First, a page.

All you need is...

An early foray into Photoshop. Or in this case Paint Shop Pro. 
My trusty old Canon EOS 300D, my daughter Catherine's hand, a jigsaw puzzle overlay, a piece of clipart, . 

Human beings bond in a number of ways. We have all manner of instinctual drives inherited from our evolutionary past; we have needs (for intimacy, pleasure, friendship, affirmation and a thousand more besides) which we depend on other people to fulfil. We have hidden parts of ourselves which we project on others so that we can, in relationship with those others, work  out our inner conflicts by proxy. We have our inner cravings for power or esteem or security which we imagine that others can satisfy for us. 

Of course we usually don't, unless we are powerfully self aware, identify in ourselves these and all the other complicated  dynamics by which we are bound to others. Instead we feel that great, overwhelming sense of dependence on and attachment to, which we label "Love". This cocktail of emotions and feelings and, occasionally, thoughts we have for and about the other is concocted according to a variety of  recipes, depending on the individuals involved, and although our focus is compulsively on the beloved, actually, it is all about us. 

The love which Jesus commands his disciples to have for one another; the love that is the very nature of God; the love which I have written of elsewhere, is a very different thing, although it is not necessarily incompatible with the attachment I have just been speaking of. Scott Peck uses a definition of love which seems accurate to me:  

The will to extend oneself for the purpose of nurturing ones own or another's spiritual growth.

Spiritual growth means, in this instance, the development of potential. It is becoming formed in the image of God. It is becoming whole. When I love someone I willingly extend myself in order that this might happen. Now of course it is easier for me to do that reaching out to the other and exerting myself for their ultimate good if I am kindly disposed towards them, and I will be very kindly disposed towards them, well, most of the time, if I am emotionally attached to them. It will be easier, but it's not necessary. I can in fact work for the good of all manner of people, even those I don't much like and for whom I feel repugnance rather than attachment. (and repugnance usually has more to do with me than with them, but let's leave that one for another day.)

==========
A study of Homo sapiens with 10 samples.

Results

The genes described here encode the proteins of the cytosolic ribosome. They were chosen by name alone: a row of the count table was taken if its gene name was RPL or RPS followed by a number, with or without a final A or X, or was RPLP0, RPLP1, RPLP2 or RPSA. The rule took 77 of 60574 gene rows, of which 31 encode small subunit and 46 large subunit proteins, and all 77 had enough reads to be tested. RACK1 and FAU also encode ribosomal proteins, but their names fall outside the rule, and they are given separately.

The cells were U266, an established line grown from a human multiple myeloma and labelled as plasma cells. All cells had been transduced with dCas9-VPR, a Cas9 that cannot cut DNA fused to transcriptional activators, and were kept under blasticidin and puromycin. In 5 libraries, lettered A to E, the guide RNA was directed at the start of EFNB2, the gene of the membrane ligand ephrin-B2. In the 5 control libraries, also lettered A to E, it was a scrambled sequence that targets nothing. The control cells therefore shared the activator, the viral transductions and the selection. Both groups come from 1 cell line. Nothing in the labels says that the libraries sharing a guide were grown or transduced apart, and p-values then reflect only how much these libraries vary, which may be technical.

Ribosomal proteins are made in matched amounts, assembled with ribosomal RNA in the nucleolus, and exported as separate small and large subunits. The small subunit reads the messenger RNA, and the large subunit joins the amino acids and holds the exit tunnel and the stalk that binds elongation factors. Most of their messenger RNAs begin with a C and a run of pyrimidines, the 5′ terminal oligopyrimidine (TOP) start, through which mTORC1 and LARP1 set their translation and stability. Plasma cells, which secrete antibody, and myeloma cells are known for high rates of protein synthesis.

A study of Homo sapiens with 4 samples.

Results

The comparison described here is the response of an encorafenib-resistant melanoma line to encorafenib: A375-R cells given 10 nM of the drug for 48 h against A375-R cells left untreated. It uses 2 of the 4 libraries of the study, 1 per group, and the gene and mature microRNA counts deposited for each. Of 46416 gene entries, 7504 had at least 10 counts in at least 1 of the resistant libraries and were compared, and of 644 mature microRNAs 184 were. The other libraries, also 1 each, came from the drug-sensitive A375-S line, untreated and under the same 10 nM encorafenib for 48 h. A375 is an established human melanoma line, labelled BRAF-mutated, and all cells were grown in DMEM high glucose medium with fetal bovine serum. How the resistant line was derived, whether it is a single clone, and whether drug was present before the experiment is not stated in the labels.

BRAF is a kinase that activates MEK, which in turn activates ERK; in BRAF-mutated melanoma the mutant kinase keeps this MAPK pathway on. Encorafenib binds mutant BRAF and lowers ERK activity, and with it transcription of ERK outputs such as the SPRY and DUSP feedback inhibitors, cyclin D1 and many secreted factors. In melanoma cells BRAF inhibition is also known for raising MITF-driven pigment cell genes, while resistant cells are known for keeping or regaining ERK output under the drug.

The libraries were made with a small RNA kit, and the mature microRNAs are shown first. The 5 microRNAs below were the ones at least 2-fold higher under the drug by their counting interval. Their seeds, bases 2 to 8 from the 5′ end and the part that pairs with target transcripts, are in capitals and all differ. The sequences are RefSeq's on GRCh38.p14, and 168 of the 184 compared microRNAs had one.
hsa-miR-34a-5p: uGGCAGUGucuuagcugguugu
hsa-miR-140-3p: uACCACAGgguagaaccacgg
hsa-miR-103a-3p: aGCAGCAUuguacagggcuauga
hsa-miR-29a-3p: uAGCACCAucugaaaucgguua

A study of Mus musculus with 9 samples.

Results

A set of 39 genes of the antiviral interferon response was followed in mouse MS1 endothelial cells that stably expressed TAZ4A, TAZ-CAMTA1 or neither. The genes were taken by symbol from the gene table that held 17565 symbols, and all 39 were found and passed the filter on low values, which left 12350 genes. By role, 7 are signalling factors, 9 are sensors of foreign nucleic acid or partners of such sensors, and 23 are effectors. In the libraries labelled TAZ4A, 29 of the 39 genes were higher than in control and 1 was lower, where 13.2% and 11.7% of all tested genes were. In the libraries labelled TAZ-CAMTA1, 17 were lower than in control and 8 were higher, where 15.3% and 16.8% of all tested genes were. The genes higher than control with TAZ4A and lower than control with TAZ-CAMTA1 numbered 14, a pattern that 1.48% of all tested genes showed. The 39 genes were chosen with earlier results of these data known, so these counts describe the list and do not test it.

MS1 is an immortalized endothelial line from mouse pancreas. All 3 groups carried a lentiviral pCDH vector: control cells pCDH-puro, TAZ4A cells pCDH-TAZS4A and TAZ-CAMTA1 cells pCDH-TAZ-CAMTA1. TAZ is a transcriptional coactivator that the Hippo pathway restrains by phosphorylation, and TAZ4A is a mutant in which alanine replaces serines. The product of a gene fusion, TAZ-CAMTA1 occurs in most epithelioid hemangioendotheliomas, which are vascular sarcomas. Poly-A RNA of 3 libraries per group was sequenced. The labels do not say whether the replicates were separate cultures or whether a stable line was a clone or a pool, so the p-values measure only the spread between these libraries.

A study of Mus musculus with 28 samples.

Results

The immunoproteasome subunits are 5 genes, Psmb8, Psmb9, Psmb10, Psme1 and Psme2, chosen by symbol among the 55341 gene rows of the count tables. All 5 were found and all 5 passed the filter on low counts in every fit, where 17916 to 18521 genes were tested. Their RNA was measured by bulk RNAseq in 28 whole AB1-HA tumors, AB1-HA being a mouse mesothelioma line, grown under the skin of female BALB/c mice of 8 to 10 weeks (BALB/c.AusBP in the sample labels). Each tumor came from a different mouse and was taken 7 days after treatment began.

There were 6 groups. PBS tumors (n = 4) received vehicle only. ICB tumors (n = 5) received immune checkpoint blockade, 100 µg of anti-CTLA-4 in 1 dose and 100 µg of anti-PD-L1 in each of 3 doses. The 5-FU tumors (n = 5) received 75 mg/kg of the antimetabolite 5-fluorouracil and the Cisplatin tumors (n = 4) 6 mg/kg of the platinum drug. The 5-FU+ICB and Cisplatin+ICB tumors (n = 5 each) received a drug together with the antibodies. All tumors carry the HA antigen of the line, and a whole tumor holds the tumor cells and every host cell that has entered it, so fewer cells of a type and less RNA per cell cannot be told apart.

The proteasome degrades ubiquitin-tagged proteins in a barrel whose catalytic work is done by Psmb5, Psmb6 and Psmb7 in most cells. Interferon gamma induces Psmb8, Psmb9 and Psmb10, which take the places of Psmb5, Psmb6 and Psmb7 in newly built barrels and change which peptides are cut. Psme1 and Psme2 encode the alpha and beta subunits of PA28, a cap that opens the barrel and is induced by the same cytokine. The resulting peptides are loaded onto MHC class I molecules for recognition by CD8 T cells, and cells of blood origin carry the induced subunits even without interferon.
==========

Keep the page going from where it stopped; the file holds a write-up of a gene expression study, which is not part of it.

Working for someone's spiritual growth does not necessarily mean doing things they will particularly like. And of course we all have mixed motives;  in most relationships the extending yourself for the other gets hopelessly muddled up with the stuff I talked about in the first couple of paragraphs.  It's not easy to know whether I am extending myself for another's spiritual growth. Nor is it easy to tell if they are extending themselves for mine. We can tell by looking back over very lengthy relationships, and there is one point in all relationships where it is apparent, namely its end. All relationships end, one way or another, and at their ending a question can be asked: "What has been the effect of this relationship on the other?" Are they bigger, better, wholer people for having been in relationship with me? Have their life's possibilities opened and multiplied? Are they more loving, joyful, peaceful, patient, kindly, good, faithful, gentle and self controlled (Gal 5:22-23) for my knowing them? If this is true to any degree then it is likely that I have loved them. 
But correspondingly, I can ask "Are they smaller, diminished people for having been in relationship with me?" Have their life's possibilities closed and shattered? Is there less of the fruit of the spirit and more of the fruit's corresponding shadows (Gal 5:19) for my knowing them? If this is true to any degree then whatever it was that bound us together wasn't love.

And of course variations of these questions will accurately tell me whether or not the other has loved me. Careful analysis and fretting over their feelings and thoughts about me might illuminate the nature of their attachment to me, but the extent to which s/he has been instrumental in  my wholeness and growth is the extent to which s/he has loved me.

I have been very aware lately of those I love and those who love me. And I know that whatever there is  in me  that is true, whatever is noble, whatever is right, whatever is pure, whatever is lovely, whatever is admirable; if there is any trace of anything excellent or praiseworthy (Phil.4:8) it is because of these people who have extended themselves for my spiritual growth. Who have, in other words, given me the gift of their love; that gift which is as enriching to give as it is to receive.